This second edition of Understanding National Accounts, that provides a comprehensive explanation of how national accounts are compiled, contains new data and new chapters, and is adapted to the new systems of national accounts, SNA 2008 and ESA 2010, that came into effect in September 2014. It approaches national accounts from a truly global perspective, with special chapters dedicated to international comparisons, globalisation and well-being as well as to the national systems used in major OECD economies, such as the United States.
Each chapter of the manual uses practical examples to explain key concepts in national accounts in a clear and accessible way. And, each chapter concludes with a synthesis of key points covered in the chapter, followed by resources for further exploring the topic, and by a set of exercises to test your knowledge. It is an ideal guide to national accounts for students and other interested readers.
The OECD has updated its key textbook explaining how economic activity is monitored and measured.
How was life in 1820, and how has it improved since then? What are the long-term trends in global well-being? Views on social progress since the Industrial Revolution are largely based on historical national accounting in the tradition of Kuznets and Maddison. But trends in real GDP per capita may not fully reflect changes in other dimensions of well-being such as life expectancy, education, personal security or gender inequality. Looking at these indicators usually reveals a more equal world than the picture given by incomes alone, but has this always been the case? The new report How Was Life? aims to fill this gap. It presents the first systematic evidence on long-term trends in global well-being since 1820 for 25 major countries and 8 regions in the world covering more than 80% of the world’s population. It not only shows the data but also discusses the underlying sources and their limitations, pays attention to country averages and inequality, and pinpoints avenues for further research.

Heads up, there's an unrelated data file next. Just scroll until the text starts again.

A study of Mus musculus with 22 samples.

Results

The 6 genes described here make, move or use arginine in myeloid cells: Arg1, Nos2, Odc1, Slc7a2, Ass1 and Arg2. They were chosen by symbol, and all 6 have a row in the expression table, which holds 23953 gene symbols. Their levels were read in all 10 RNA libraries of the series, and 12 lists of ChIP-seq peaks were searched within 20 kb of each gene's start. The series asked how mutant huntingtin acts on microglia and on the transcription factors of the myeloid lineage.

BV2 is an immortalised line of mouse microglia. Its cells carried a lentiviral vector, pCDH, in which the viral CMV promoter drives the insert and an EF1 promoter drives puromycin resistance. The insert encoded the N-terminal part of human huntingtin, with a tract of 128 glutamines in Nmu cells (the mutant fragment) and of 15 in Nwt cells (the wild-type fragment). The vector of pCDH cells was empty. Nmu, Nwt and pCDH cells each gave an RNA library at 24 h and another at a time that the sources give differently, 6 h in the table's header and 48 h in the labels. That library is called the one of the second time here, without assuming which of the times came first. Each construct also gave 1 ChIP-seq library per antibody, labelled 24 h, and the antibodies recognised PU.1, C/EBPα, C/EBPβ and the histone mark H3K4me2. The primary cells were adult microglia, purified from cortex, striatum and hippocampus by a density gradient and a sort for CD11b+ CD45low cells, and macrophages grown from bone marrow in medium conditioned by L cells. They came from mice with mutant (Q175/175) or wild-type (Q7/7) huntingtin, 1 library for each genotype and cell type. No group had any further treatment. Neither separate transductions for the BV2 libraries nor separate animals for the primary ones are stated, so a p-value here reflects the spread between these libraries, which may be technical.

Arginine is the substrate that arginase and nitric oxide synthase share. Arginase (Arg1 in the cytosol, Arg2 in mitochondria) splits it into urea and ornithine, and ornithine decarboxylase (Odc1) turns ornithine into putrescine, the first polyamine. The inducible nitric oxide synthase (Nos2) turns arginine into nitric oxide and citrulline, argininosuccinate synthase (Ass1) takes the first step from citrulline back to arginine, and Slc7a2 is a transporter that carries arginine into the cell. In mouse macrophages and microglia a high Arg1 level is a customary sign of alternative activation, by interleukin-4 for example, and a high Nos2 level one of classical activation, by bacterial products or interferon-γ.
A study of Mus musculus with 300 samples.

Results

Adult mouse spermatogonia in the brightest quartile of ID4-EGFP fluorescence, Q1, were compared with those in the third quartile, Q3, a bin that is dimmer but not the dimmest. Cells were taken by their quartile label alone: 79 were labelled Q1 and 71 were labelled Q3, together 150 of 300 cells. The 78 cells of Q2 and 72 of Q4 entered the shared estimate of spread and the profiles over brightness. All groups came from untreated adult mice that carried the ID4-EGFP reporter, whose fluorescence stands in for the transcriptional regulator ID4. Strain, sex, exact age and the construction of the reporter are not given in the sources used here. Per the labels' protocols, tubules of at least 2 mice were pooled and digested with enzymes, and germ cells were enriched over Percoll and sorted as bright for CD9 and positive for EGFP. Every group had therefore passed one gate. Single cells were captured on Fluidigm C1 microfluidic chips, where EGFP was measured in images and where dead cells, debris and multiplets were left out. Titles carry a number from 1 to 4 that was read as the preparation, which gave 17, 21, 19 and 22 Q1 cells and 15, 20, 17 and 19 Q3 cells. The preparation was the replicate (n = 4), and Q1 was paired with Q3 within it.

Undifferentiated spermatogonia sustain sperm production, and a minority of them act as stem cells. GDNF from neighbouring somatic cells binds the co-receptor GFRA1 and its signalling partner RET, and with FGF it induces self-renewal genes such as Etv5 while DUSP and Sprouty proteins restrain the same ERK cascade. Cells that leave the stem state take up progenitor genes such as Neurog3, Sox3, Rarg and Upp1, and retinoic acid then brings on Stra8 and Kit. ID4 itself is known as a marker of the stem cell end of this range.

The How Was Life? report is the product of collaboration between the OECD, the OECD Development Centre and the CLIO-INFRA project. It represents the culmination of work by a group of economic historians to systematically chart long-term changes in the dimensions of global well-being and inequality, making use of the most recent research carried out within the discipline. The historical evidence reviewed in the report is organised around 10 different dimensions of well-being that mirror those used by the OECD in its well-being report How’s Life? (www.oecd.org/howslife), and draw on the best sources and expertise currently available for historical perspectives in this field. These dimensions are:per capita GDP, real wages, educational attainment, life expectancy, height, personal security, political institutions, environmental quality, income inequality and gender inequality.
Cette publication examine comment les chaînes de valeur mondiales ont évolué et les défis politiques qu'elles ont engendrés.
Statistics Working Paper N. 58 - 2014/3 - This paper presents a set of indicators of income inequality and poverty across and within regions for 28 OECD countries. These indicators were produced through a new household-level data collection based on internationally harmonized income definitions undertaken as part of the OECD project on “Measuring regional and local well-being for policymaking”.
Cette publication présente des données sous forme d'indicateurs et privilégie les comparaisons entre pays. L'objectif est de rendre les comptes nationaux plus accessibles et plus informatifs et dans un même temps de fournir les informations les plus pertinentes concernant les définitions et les problèmes de comparabilité inhérents à chaque indicateur.
L'éventail des indicateurs a volontairement été établi de façon assez large afin de refléter la richesse des Bases de données de l'OCDE sur les comptes nationaux. Cette large sélection a également pour objet d'inciter les utilisateurs à porter leur attention sur d'autres indicateurs que le célèbre PIB. Certains travaux récents ont joué un rôle déterminant dans le choix des indicateurs. Le rapport de la commission sur la mesure des performances économiques et du progrès social (Commission Stiglitz-Sen-Fitoussi) est un exemple particulièrement marquant.
This Report encompasses a discussion on the role of trust in collaboration with microdata; a summary of the use of different methods of international collaboration with microdata; a review of using maturity modelling to improve practices in microdata collaboration; and detailed recommendations which, if adopted, will enable a statistical office to improve its maturity relative to microdata collaboration.
Statistics Working Paper N. 56 - 2014/1 - This paper compares long-run levels of real income growth at the very top, and for the bottom 90% and bottom 99% in the United States, Canada and Australia to illustrate the uniqueness of the post-WWII period of balanced growth (and consequent stability in the income distribution).